Effects of the Co-Administration of Thyme and Tramadol on The Postnatal Development of Purkinje Neurons of The Albino Rat

Document Type : Original Article


1 Department of Human Anatomy and Embryology, Faculty of Medicine, Assiut University, Egypt.

2 Department of Human Anatomy and Embryology, Faculty of Medicine, Assiut University, Egypt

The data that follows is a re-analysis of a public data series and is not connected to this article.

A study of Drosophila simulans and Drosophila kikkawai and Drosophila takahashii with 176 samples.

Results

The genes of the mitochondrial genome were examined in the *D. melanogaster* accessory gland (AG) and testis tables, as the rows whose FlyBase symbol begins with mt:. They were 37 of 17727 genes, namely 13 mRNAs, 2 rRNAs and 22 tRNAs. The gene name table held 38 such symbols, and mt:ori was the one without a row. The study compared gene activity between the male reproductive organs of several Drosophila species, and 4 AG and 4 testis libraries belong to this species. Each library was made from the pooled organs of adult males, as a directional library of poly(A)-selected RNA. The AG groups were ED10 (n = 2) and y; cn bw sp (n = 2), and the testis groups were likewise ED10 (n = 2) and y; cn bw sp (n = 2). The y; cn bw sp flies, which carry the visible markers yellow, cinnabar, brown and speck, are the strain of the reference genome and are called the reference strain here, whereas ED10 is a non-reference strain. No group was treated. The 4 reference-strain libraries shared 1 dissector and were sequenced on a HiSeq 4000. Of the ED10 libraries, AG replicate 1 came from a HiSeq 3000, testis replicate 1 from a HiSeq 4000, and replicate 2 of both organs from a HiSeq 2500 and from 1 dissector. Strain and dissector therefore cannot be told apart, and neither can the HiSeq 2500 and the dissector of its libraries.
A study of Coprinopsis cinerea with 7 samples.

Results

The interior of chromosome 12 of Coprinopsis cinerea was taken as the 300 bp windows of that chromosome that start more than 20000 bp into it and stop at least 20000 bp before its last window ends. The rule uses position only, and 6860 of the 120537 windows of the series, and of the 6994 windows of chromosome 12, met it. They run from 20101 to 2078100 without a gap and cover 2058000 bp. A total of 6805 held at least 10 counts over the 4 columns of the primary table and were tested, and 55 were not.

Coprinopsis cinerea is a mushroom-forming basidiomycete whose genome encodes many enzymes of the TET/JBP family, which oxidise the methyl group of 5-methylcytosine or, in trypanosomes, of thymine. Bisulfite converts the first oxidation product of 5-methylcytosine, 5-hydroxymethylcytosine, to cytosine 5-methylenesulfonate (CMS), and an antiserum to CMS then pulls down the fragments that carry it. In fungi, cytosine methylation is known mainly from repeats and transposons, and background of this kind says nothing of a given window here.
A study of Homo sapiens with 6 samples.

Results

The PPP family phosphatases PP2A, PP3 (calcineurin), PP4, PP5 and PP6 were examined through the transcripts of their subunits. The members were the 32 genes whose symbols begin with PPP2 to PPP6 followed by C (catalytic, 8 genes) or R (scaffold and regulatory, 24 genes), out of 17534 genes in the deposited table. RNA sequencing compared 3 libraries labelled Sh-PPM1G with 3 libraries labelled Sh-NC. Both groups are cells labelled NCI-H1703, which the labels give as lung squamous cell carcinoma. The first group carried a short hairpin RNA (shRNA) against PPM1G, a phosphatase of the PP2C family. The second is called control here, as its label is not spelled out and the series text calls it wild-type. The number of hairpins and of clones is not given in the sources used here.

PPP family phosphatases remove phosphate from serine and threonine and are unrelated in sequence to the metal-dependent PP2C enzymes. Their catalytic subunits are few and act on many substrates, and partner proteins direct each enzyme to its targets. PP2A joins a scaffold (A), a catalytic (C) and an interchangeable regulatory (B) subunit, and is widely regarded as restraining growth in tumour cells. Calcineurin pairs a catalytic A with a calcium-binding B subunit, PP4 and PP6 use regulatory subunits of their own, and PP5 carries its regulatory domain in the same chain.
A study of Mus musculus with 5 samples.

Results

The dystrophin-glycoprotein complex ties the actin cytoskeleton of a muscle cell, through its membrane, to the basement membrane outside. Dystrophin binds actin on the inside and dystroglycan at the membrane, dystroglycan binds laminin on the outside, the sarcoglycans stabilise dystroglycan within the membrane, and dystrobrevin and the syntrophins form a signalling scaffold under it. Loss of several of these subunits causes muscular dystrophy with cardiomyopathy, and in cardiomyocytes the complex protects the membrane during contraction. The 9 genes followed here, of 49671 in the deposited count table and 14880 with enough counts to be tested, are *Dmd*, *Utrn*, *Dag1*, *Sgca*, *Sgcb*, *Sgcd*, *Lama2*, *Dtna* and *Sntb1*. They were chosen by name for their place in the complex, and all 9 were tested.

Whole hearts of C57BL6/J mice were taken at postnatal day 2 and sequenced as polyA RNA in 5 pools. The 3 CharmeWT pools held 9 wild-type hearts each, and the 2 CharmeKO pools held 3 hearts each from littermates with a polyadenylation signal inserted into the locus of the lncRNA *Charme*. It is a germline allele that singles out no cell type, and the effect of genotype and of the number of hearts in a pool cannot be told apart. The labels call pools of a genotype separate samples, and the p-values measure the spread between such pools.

Background:  Tramadol is a painkiller that works by acting on the central nervous system. Even though tramadol is regarded to have minimal misuse and dependence potential, it is increasingly being used in pregnant women in many countries throughout the world, notably in the Middle East, Africa, and West Asia, to relieve pain from rheumatoid arthritis, cancer, and other diseases. Aim of the work: To assess the harmful effects of tramadol on the postnatal development of the cerebellar Purkinje cells of rats and to evaluate the possible ameliorative effect of thyme if being administered with tramadol simultaneously. Material & Methods: Three sets of Forty-eight mature female albino rats were randomly organized into three equal groups; Group 1 (control), group 2 (tramadol treated) and group 3 ( tramadol+thyme treated). The rats' offspring of the fore mentioned three groups were further subdivided according to their ages into 3 subgroups (newborn, 10th, and 20th postnatal day). Group I have not received any treatment. Tramadol HCL (40 mg/Kg/day) dissolved in tab water was given orally to group B. Tramadol (40 mg/Kg/day) and thyme extract (500 mg/kg/day) were given orally to group C. From the first day of pregnancy until weaning, female rats were administered tramadol and thyme. For each of the three groups, the Purkinje cell layer of the cerebellar cortex of the rats' offspring (newborn, 10th, and 20th postnatal day) was then examined for histological, ultrastructural, immunohistochemical changes and morphometric analysis. Results: Histological, ultrastructural and immunohistochemistry studies showed that in GII there were neuronal frittering and apoptotic changes in the Purkinje neurons. In GIII, an improvement in histological, ultrastructural and immunohistochemical changes was observed. The morphometric results revealed that there was a significant statistical difference at 10th and 20th postnatal age whereas no recorded significant statistical difference at newborn age among the experimental groups. Conclusion: Tramadol use during pregnancy and breastfeeding had a neurotoxic impact on the development of Purkinje cells of the cerebellar cortex of rats. Thyme extract can ameliorate the tramadol's harmful effects; hence it may be useful in the therapy of tramadol neuronal damage if tramadol is required.